These are thoroughly American tales—individualistic, friendly, and direct.
With Wild Blue Ponders, Max Blue skillfully combines elements from his previous novels to deliver a new, chronological work about young American men and women caught up in war and coping with peace.
The book is comprised of stories from a bevy of periods and events—including both world wars, the Great Depression, the Korean War, the cold war, the civil rights movement, and so-called academic and drug wars. Pieces of short fiction illustrate how the people that we meet and the experiences that we have broaden our perspectives.
While there is no overarching narrative, the stories are held together by common themes; in this collection, theme takes precedence over plot. Each story can be read individually, even those excerpted from previous novels. Some characters are recurring.
Historical figures and anecdotes play in, with a major tip of the hat to Woodrow Wilson, who gets admiring references. The book also approaches the moral dilemma of the atomic bomb. Commentary from sailors Mickey Michigan and Sunshine McGee bring the nuclear weapon’s use down to a personal level.
Storytelling techniques, like employing dialogue and framing discussions without rancor, allow for exploratory conversations around social land mines. Takedowns of pompous professors lost in the swamps of higher education are an amusing addition. The book is neither careful to avoid offense nor deliberately offensive.
The narrative voice holds attention: wry, sometimes hokey, sometimes outright hilarious, it is consistent, natural, observant, and distinctive. It could be best described as thoroughly American, not so much confined to a region as simply individualistic, friendly, and direct. Those qualities carry over to the characters. Most are the sort who face troubles from outright danger to everyday frustrations, but who do so with optimism or at least good-humored resignation.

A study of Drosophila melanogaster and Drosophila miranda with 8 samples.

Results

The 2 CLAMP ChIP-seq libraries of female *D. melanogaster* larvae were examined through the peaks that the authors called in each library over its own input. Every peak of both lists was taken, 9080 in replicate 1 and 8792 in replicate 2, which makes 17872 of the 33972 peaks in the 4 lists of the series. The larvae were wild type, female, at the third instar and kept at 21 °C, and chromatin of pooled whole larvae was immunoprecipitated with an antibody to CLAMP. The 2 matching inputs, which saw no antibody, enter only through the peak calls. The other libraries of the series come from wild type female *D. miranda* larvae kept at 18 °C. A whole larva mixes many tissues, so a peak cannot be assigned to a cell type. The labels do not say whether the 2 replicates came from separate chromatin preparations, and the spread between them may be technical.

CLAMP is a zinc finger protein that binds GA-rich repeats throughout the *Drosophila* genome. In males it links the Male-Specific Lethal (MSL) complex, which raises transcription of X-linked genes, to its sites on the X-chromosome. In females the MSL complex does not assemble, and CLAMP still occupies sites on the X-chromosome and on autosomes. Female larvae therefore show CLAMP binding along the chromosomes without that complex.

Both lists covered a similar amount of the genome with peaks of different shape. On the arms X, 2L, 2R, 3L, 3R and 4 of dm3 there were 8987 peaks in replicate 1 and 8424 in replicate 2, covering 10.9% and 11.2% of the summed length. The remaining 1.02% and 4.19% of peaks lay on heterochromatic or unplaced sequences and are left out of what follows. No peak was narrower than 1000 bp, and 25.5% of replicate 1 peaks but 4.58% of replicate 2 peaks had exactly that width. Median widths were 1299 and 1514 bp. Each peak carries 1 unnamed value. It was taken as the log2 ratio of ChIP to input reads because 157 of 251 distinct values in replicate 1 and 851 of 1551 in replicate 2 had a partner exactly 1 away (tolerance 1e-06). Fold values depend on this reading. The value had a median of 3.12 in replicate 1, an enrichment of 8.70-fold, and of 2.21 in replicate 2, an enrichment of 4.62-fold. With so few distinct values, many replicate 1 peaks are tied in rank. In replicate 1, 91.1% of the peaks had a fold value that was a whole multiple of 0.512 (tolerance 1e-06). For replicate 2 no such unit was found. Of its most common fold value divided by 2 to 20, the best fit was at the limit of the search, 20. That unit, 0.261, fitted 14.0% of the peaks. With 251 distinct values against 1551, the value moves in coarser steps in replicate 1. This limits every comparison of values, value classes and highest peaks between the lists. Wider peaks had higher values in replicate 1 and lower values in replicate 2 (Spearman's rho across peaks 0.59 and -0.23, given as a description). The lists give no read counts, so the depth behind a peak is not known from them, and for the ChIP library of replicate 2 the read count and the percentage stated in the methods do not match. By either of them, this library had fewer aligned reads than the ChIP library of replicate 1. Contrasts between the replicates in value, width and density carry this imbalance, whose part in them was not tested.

Characters are engaging—funny, often imaginative, sometimes whimsical. Teenage twins Ted and Ed are memorable, perhaps because they become representative of the American experience circa World War I. Ted, seeking adventure, wants to head for the front line; Ed tags along, but his life in Europe goes in a different direction. Many of the book’s anecdotes are similar buddy tales, though with the twins, there’s more backstory, which deepens and enriches their particular appeal.
Detailed observations bring settings to life, from places with champagne down to bloody French battlefields. This is most noticeable as French wartime settings are brought to life. Other settings are more neutral. Romantic scenes are captured with respectfully limited details, but the romance still feels real. Baseball receives multiple homages as America’s pastime. Dialogue echoes period films and news reports.
Wild Blue Ponder is solid historical fiction that takes a quick march through twentieth-century America, observing events both mundane and magnificent.